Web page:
Be Careful: Someone May Be Watching

By Vic Brown Hill

Every family law attorney is faced eventually with the client who explains about the great electronic gadget that s/he has found to “get the goods” on an offending spouse. Time after time, we explain privacy laws and the potential consequences of violating those laws. The door for electronic surveillance of a spouse has been opened just a crack more. The “reasonable expectation of privacy” may mean something a little different after a recent case from the Georgia Court of Appeals.

In Rutter v. Rutter, 2012 WL 2866416, the Georgia Court of Appeals created a new rule (or perhaps confirmed the existence of a previous rule) that gives guidance to practitioners faced with the need to advise a client regarding secret surveillance under limited circumstances. Under those certain circumstances, those rights to privacy are not what we once thought they were.

On July 13, 2012, the Court of Appeals published its opinion in Rutter v. Rutter, 2012 WL 2866416. In that opinion, the Court affirmed the trial court’s decision to admit video recordings made by cameras hidden in a marital residence by one spouse — without the other spouse’s knowledge or consent — of the other spouse’s activities.

In Rutter, the parents were “nesting” — rotating turns in and out of the house on a daily basis while the children remained consistently in the home. The mother was fearful that the father was abusive to the minor children in her absence. To protect the children, the mother installed hidden cameras in the common areas of the home. The cameras provided both live feed video of activities within the common areas and recorded the activities. The mother could access the live feed or the recordings via the Internet from any computer.

After learning of the surveillance, the father brought a motion to exclude the recordings from evidence. The father claimed that the recordings were unlawful pursuant to O.C.G.A. 16-11-62(2), a penal statute. That statute makes it unlawful to conduct secret surveillance of another in a private place, out of public view and without that person’s consent. The father maintained that he had a reasonable expectation of privacy.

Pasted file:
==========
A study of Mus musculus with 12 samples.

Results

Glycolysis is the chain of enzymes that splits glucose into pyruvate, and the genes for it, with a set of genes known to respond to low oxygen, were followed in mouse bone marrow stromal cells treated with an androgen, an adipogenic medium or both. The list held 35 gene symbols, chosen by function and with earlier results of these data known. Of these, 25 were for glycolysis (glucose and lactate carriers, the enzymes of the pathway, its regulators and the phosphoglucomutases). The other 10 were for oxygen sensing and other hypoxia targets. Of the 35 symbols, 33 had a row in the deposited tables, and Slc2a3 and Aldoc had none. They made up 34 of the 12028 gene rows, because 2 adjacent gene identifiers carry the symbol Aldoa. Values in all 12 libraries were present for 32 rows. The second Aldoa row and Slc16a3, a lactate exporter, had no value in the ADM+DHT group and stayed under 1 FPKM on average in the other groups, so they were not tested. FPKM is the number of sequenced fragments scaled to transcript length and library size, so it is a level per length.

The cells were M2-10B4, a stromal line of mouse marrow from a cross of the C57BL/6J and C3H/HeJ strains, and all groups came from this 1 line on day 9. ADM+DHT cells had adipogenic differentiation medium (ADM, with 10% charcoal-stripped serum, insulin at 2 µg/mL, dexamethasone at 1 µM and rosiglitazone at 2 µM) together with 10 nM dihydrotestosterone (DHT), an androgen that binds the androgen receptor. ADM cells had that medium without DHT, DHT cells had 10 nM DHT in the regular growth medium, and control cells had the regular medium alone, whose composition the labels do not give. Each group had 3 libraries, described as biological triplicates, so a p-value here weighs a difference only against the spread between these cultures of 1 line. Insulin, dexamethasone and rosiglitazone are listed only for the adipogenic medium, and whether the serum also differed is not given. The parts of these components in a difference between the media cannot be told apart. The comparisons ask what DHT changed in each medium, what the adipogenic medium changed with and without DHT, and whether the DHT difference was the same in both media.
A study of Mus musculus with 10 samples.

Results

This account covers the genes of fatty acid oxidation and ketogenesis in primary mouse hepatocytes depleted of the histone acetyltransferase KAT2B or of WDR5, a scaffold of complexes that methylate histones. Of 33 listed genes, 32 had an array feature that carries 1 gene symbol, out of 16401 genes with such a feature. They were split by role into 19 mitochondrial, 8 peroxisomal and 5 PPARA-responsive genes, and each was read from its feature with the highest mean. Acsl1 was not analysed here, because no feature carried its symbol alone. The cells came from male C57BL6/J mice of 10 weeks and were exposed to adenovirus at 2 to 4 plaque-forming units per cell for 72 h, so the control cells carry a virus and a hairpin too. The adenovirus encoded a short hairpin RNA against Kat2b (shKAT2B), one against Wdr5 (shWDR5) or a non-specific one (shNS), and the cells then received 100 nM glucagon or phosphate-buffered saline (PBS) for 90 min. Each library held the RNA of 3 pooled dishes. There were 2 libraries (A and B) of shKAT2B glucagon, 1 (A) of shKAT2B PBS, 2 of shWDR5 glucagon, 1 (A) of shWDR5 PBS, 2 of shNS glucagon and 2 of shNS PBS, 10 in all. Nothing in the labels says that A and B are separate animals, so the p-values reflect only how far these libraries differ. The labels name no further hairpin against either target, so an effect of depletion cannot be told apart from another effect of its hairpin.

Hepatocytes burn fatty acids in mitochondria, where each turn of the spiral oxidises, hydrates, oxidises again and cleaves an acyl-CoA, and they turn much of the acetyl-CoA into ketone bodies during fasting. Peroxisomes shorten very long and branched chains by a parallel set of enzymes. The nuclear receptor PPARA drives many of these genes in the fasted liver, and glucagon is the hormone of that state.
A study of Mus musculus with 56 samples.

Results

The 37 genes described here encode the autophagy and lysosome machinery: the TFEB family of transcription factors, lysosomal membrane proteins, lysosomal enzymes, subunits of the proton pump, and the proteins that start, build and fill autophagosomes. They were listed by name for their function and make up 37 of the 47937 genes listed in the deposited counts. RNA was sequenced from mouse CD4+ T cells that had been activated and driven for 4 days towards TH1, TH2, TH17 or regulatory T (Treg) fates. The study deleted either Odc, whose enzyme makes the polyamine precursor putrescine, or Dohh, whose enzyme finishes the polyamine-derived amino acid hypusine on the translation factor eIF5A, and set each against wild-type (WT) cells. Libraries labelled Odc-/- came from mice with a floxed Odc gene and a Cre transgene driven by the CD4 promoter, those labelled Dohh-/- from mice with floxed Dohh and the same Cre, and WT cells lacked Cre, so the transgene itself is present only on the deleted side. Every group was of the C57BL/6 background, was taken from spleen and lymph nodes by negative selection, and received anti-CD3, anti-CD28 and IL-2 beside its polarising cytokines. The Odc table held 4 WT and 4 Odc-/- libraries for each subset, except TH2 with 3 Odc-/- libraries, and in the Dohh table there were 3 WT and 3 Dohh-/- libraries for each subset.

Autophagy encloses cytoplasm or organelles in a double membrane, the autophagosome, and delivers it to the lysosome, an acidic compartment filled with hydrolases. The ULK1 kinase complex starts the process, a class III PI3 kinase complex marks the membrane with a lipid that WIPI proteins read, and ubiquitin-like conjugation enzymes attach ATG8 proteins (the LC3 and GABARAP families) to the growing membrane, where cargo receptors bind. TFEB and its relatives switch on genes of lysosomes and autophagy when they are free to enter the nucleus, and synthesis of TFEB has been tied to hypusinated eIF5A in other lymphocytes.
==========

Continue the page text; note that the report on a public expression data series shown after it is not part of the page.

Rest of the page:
Vic Brown Hill is a trial attorney in Marietta, Georgia, and partner in the firm Hill Macdonald, LLC. His practice is limited to divorce and other matters of family law. Mr. Hill is a member of the State Bar of Georgia (including its Family Law Section), the Charles Longstreet Weltner Family Law Inn of Court, the Cobb County Bar Association (including its Family Law Section), Phi Delta Phi and other professional and civic organizations. Mr. Hill and Hill Macdonald, LLC, represented the Appellee in the appellate phase of the Rutter case. Mr. Hill and his family are residents of Cobb County.

The trial court relied on an exception contained in O.C.G.A. 16-11-62(2)(c) to admit the recordings. Pursuant to subsection 2(c), one may use electronic equipment to record activities within the curtilage of one’s residence for “security purposes, crime prevention, or crime detection.” The mother testified that her purpose was to guard against crimes being committed against the children by the father, thus the trial court applied subsection 2(c) and ruled that the recordings were admissible at trial. The father filed an interlocutory appeal of the trial court’s ruling.

The Court of Appeals affirmed the trial court and ruled that the mother’s surveillance was permissible pursuant to O.C.G.A. 16-11-62(2)(c) — the curtilage exception. The Court reasoned that the mother met the elements of the exception contained in subsection 2(c), and that the interior of the home was within the curtilage. It was important that the mother remained a resident of the home, and that she conducted the surveillance for security purposes, crime prevention or crime detection. Prior to this holding, an attorney may have been reluctant to advise a client to install equipment for clandestine surveillance of the other party. The lines between permissible and illegal use of such surveillance were blurred at best.

Thus, the safe course of action was advise against any kind of secret surveillance. While Rutter DOES NOT issue a license for non-consensual surveillance in every case, it does provide some guidance as to when such surveillance may be lawful. Prior to Rutter, there was little case law addressing the issue of surveillance between spouses; now the lines are not quite as blurred. The law is now that secret surveillance is permissible under certain circumstances. How far those certain circumstances extend remains to be tested in the future.